Ambrose Bierce was last heard from on this day in 1913, in a letter sent from Chihuahua, Mexico, that concludes, “As to me, I leave here tomorrow for an unknown destination.” Those who would unravel the mystery of Bierce’s disappearance and fate have been at it for a century now, coming up with more theories — suicide in the Grand Canyon, death by firing squad in the Mexican town of Sierra Mojada — than facts:
Bierce may have felt written, talked and drunken out. By the autumn of 1913, he was talking about going to Mexico to witness the revolution there, as if it might be a form of euthanasia. (To fight for Pancho Villas’s rebels? To be killed as a bystander by a stray shot?) Yet he also put it to people simply that war retained its fascination for him. We know that in October he toured his old Civil War battlegrounds, including Chickamauga, and that, arriving in Texas, he sent letters thence.… What is certain is that none of the numerous US journalists covering Villas’s insurgence spotted that doyen of their craft, and that research into Bierce’s disappearance launched by the US Government yielded no results whatsoever.
The above is excerpted from Angus Calder’s Introduction to an edition of Bierce’s The Devil’s Dictionary. Calder takes his “euthanasia” reference from a Bierce letter of October 1, 1913, sent to his cousin, Lora:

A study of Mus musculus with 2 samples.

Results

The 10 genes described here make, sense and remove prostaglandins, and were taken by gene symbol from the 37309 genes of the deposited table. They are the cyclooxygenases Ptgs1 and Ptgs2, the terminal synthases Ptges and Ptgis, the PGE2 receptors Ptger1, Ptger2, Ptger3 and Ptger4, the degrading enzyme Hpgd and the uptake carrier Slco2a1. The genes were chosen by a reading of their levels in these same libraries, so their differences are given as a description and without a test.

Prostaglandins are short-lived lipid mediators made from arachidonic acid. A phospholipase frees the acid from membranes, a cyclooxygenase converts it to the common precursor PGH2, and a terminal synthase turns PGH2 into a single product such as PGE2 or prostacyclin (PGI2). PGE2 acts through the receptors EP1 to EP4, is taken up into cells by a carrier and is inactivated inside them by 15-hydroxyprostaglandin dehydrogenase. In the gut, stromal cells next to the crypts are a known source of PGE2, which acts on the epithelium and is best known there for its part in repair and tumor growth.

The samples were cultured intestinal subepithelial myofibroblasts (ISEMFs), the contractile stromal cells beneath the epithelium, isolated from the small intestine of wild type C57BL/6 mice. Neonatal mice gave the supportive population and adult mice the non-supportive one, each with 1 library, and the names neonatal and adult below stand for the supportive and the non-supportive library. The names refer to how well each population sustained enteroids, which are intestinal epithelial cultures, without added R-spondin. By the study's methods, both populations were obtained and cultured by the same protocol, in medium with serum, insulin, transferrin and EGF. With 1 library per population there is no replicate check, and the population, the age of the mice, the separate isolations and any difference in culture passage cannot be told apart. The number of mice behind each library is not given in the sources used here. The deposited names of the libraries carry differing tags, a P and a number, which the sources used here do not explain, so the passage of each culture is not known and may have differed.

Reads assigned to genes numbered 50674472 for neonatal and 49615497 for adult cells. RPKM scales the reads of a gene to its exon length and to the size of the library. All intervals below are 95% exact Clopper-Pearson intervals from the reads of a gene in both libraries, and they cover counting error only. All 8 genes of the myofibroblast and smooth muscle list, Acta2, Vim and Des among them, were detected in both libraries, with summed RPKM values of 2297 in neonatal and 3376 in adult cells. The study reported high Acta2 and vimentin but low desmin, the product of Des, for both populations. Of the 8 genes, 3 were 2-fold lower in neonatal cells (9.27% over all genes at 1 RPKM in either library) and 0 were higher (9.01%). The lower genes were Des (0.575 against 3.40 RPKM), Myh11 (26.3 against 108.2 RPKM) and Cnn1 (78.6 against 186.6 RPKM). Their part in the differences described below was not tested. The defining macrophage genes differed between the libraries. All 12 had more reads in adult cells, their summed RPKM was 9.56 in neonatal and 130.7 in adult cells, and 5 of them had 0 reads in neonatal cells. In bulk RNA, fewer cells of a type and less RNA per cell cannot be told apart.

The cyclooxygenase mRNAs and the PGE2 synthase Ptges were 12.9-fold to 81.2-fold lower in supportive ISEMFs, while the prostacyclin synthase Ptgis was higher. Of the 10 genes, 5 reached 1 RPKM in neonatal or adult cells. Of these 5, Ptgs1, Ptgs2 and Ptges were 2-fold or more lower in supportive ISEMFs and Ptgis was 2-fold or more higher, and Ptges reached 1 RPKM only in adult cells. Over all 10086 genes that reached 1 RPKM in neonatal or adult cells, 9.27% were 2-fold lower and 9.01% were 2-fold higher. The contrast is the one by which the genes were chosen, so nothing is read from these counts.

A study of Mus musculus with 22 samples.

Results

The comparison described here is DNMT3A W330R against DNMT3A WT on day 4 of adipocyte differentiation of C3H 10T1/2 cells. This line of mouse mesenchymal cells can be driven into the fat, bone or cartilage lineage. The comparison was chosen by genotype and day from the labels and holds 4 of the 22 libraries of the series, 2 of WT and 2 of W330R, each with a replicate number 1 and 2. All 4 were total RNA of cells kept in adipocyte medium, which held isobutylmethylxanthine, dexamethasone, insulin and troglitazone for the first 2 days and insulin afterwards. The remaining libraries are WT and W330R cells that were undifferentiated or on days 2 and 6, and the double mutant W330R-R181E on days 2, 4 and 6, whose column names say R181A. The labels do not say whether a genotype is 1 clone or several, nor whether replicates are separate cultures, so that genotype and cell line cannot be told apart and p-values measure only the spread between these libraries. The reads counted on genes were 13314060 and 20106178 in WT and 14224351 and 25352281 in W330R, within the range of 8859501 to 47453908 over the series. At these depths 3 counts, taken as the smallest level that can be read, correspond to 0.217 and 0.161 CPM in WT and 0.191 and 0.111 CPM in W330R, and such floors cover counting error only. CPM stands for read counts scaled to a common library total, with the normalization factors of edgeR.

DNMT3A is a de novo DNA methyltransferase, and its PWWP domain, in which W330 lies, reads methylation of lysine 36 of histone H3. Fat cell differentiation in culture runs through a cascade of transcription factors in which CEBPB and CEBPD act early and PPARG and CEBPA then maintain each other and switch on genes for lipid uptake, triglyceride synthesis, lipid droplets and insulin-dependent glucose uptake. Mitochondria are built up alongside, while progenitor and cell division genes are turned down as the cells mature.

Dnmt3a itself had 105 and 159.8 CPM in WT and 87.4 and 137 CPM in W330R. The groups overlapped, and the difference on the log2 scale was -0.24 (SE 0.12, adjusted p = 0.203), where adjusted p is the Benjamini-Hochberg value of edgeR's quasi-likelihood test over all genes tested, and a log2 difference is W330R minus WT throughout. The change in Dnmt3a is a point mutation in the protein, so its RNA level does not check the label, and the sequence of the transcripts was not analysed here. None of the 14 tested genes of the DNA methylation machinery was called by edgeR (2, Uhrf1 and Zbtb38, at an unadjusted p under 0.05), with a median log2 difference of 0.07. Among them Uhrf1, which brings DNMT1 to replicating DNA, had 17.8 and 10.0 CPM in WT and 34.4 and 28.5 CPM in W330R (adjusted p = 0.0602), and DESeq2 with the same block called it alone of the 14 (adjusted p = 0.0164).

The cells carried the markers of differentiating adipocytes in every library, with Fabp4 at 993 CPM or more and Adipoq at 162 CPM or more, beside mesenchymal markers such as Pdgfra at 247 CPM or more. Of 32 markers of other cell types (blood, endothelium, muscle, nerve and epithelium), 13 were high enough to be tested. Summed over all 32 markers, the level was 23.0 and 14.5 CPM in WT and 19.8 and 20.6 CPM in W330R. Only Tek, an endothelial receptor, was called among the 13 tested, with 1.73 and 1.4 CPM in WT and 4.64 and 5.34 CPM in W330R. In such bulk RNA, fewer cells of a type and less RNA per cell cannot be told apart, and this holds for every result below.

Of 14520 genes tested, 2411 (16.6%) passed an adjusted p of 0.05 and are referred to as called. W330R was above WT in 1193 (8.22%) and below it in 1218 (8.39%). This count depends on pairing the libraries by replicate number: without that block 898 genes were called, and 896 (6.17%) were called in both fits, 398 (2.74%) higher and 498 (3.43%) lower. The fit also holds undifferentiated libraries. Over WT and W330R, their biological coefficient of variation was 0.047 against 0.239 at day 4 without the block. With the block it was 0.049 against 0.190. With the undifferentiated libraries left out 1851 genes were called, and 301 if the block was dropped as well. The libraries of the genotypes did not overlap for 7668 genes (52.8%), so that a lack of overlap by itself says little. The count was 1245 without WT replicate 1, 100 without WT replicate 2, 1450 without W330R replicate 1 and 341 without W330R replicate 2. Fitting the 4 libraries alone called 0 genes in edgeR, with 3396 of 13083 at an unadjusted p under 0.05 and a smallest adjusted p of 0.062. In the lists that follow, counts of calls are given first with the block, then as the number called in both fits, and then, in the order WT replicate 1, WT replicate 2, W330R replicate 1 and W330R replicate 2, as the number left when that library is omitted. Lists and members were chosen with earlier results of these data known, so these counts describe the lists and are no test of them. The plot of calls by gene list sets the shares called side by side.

…Good-bye — if you hear of my being stood up against a Mexican stone wall and shot to rags please know that I think that a pretty good way to depart this life. It beats old age, disease, or falling down the cellar stairs. To be a Gringo in Mexico — ah, that is euthanasia.
The Dictionary confirms that Bierce had little interest in growing old (“Discredited by lapse of time and offensive to the popular taste”) and suggests that he did not head to Mexico out of passion for its revolution:
In politics, an abrupt change in the form of misgovernment. Specifically, in American history, the substitution of the rule of an Administration for that of a Ministry, whereby the welfare and happiness of the people were advanced a full half-inch. Revolutions are usually accompanied by a considerable effusion of blood, but are accounted worth it — this appraisment being made by beneficiaries whose blood had not the mischance to be shed.
Daybook is contributed by Steve King, who teaches in the English Department of Memorial University in St. John’s, Newfoundland. His literary daybook began as a radio series syndicated nationally in Canada. He can be found online at todayinliterature.com.